Erie, Pennsylvania

1992, Currently Erie
(Cat's a Bear performing as Tito)

Tito:  They Really ARE That Good

By John Biggie

Good contemporary jazz in Erie...somehow, that sounds so wrong--but it's true.  What's more it's some of the best 90s jazz you'll hear anywhere.  It's done by a band called Tito (a.k.a. the Tito Experience, Tito Ronzitti and His Banditti...) which is probably the most exciting addition to Erie's music scene in recent memory.  Tito is a six-members band that combines original jazz-fusion with Latin rhythms (heavy on the percussion) creating a very unique sound.  Members of the band also make up two other local bands worth attention, but more about them later.  Really, these guys have so much going for them I hardly know where to begin...so, I guess the beginning is the logical choice here:

About 10 or 11 months ago, Joe Dorris (drums) and Frank Singer (guitar, sax, keyboards) moved to Erie from Boston, where they had been playing extensively at jazz clubs and special events and opening for top-name acts at concerts.  They met up with Tony Stefanelli (fretless electric bass), he had just arrived from Detroit, and they "just started jamming"...3 weeks later they had gigs and decided it was time to get serious.  They then got together with Tito "Nick" "Poppo" Ronzitti (congas.. and man with many names) who has been a local musician for a long time and has produced many successful drummers, both locally and nationally.  Later, Tony's son Anthony Stefanelli (percussion) and "Phil the Man" (saxophone) were added to complete the line-up.  They then began writing songs--and writing, and writing--and, of course, jamming and jamming.

What they've come up with as a result of all that writing and jamming, besides learning how to deal with each other's different technical backgrounds, is a blend of original ideas and a variety of colors set to some pretty intense music that has a Latin feel, but also has a fusion feel--a music that has a life of it's own, constantly changing, evolving, emerging.  Singer described it as "...a process ...it keeps growing and changing--nobody knows what it's going to become, but it keeps getting more focused. The Latin rhythm remains; it hasn't changed percussion-wise...but the tunes and the writing have changed so we're able to get a bit more intricate and involved with different forms.  The sax and horns have added a lot more 'open space' (which helps) because if you have all these chords and all this heavy stuff going on on top with just the percussion underneath, it's like a freight train looking for a wreck... so it makes for a better flow."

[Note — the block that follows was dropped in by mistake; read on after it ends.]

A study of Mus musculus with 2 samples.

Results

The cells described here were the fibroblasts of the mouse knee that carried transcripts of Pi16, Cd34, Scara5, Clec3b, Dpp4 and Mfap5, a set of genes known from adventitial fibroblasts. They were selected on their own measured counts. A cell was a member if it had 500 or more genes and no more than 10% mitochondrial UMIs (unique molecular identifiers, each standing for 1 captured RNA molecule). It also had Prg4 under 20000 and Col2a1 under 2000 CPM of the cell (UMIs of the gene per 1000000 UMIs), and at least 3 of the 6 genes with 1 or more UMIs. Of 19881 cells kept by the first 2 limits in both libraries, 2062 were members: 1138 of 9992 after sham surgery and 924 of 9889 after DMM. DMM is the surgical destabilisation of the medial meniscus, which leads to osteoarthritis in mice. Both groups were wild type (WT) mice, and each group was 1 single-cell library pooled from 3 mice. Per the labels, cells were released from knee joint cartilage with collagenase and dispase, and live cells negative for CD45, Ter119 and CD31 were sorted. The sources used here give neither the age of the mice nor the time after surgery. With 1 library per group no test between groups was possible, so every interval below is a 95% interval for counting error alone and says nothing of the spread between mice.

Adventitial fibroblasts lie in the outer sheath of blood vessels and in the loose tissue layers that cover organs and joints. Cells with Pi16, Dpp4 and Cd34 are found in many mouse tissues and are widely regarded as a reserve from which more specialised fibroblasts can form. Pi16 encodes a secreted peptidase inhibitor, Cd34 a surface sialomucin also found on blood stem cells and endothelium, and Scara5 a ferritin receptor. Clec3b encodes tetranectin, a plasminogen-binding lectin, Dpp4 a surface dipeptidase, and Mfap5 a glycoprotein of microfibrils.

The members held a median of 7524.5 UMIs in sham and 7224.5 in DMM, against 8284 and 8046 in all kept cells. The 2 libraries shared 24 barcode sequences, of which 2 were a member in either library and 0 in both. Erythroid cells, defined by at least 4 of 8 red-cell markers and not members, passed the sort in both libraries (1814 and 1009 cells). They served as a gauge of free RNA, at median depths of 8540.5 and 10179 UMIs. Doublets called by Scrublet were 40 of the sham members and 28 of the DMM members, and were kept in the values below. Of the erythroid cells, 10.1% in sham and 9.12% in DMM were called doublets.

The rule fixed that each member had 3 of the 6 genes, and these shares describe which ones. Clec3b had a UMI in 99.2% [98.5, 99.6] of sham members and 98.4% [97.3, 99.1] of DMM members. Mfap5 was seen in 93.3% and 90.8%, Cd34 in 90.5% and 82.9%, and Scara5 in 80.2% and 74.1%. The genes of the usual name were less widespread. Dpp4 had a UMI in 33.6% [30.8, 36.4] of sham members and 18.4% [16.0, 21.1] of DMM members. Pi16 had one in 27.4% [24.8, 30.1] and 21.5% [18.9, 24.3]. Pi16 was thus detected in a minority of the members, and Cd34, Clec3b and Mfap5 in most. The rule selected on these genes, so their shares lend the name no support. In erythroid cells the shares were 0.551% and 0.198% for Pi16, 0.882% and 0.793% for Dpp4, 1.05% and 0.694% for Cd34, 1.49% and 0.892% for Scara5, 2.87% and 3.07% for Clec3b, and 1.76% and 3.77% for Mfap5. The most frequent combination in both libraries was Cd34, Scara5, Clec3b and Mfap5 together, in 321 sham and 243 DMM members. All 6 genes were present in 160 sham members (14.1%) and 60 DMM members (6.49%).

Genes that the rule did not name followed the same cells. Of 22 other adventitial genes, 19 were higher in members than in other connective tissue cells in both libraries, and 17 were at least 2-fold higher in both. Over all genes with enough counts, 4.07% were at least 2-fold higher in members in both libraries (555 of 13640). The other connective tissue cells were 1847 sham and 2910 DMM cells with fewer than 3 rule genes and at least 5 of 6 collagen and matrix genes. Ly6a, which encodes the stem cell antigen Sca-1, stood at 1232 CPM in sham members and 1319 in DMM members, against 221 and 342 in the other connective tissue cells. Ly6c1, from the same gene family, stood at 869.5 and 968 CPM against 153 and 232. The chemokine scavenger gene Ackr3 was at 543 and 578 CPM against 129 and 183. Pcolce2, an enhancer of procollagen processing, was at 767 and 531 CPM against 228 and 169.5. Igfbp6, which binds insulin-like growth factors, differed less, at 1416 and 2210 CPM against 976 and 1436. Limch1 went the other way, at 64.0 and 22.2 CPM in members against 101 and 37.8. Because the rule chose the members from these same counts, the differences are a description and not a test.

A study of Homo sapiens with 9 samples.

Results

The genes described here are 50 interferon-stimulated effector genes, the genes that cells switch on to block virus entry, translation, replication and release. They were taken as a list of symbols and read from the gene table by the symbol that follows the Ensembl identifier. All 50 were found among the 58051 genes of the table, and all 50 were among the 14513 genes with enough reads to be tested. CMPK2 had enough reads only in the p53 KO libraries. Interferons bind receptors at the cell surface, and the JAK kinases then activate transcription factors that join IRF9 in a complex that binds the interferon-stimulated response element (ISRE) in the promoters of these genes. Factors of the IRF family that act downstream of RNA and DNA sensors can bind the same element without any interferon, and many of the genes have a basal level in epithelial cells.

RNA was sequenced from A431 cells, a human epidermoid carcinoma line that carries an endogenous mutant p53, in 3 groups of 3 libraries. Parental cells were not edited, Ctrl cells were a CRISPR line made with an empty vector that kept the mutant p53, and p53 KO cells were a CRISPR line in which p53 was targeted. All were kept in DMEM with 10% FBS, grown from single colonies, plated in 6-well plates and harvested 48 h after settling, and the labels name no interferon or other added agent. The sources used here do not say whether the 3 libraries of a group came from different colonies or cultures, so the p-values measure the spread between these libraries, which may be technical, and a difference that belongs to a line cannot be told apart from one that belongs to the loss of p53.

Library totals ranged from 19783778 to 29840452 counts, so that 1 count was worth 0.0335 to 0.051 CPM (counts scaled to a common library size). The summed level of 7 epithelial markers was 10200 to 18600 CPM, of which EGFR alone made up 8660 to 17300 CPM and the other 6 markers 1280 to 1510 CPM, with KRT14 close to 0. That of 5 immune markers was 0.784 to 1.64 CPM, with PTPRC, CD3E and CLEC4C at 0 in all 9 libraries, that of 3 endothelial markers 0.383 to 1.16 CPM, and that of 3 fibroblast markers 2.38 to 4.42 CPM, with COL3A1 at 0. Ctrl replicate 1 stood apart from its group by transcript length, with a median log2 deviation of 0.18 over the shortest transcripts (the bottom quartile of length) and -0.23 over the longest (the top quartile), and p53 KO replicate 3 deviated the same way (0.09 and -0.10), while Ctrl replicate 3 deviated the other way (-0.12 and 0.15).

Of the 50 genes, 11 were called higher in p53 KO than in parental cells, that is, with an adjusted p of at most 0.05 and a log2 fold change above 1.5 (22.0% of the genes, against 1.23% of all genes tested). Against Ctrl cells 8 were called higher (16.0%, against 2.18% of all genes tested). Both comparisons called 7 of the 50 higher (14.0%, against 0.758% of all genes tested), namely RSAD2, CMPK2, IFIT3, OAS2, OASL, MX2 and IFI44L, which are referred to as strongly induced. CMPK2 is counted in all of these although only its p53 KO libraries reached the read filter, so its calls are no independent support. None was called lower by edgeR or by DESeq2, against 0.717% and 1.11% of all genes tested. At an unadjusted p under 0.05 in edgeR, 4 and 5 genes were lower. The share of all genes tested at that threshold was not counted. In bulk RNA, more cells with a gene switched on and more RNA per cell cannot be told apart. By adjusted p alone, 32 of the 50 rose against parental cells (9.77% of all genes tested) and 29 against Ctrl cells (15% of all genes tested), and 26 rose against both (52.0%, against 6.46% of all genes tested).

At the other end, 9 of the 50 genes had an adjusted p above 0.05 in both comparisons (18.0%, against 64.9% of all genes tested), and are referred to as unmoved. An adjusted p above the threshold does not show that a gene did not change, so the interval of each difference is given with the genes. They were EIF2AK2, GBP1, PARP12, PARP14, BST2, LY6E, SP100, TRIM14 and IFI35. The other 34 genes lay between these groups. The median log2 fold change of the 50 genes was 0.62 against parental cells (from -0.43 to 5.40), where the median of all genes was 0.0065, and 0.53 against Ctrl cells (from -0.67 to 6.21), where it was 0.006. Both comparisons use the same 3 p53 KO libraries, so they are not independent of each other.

Tony Stefanelli added, "I think that because everything is so original our music is not really based on anything specific--so it does change.  Every time I go out and play I'm surprised at the different band I played with that night.  It really changes that much...it's just coming together so well."

As I'm writing this, I'm listening to a tape of the band titled, "Blue Tito"...it's definitely not what people in Erie are accustomed to hearing from a local jazz band (i.e. guys that have been around for 50 years playing "wedding music").  This is serious music of very high quality performed by competent professionals--"top shelf" 90s jazz.  I can't say enough good things about this band.  Ronzitti, a music teacher himself, also has great respect for the musicians he works with in Tito.  He told me, "They are great musicians...equivalent to anyone playing in the country today and able to do anything any top musician in the country can do.  They really make you work so that everything's together, everybody feels their best.  What I like most is the creativity.  The ideas are so unique it's not like anything else.  If people have the opportunity to hear these unique new sounds they'll see what's happening in music today--and in the future."

People who have had the opportunity to hear Tito's music seem to agree, commenting on the "life of the music," its "spontaneity," the "quality of the sound and the musicianship."  The one statement from and audience members that summed it up best, I think, was, "I couldn't imagine a band like this playing in Erie!"

You can experience the hot new sounds of Tito for yourself.  They play regularly (twice a month) at Smuggler's Wharf.  Just to avoid any confusion:  the band is usually listed as "The Tito Ronzitti Quartet," which is a band that has been defunct for years.  Somebody just can't seem to get it right.  Rest assured though, that any band with "Tito" in it's name is comprised of these guys and they're well worth your attention.  And there's not even a cover charge at Smugg's!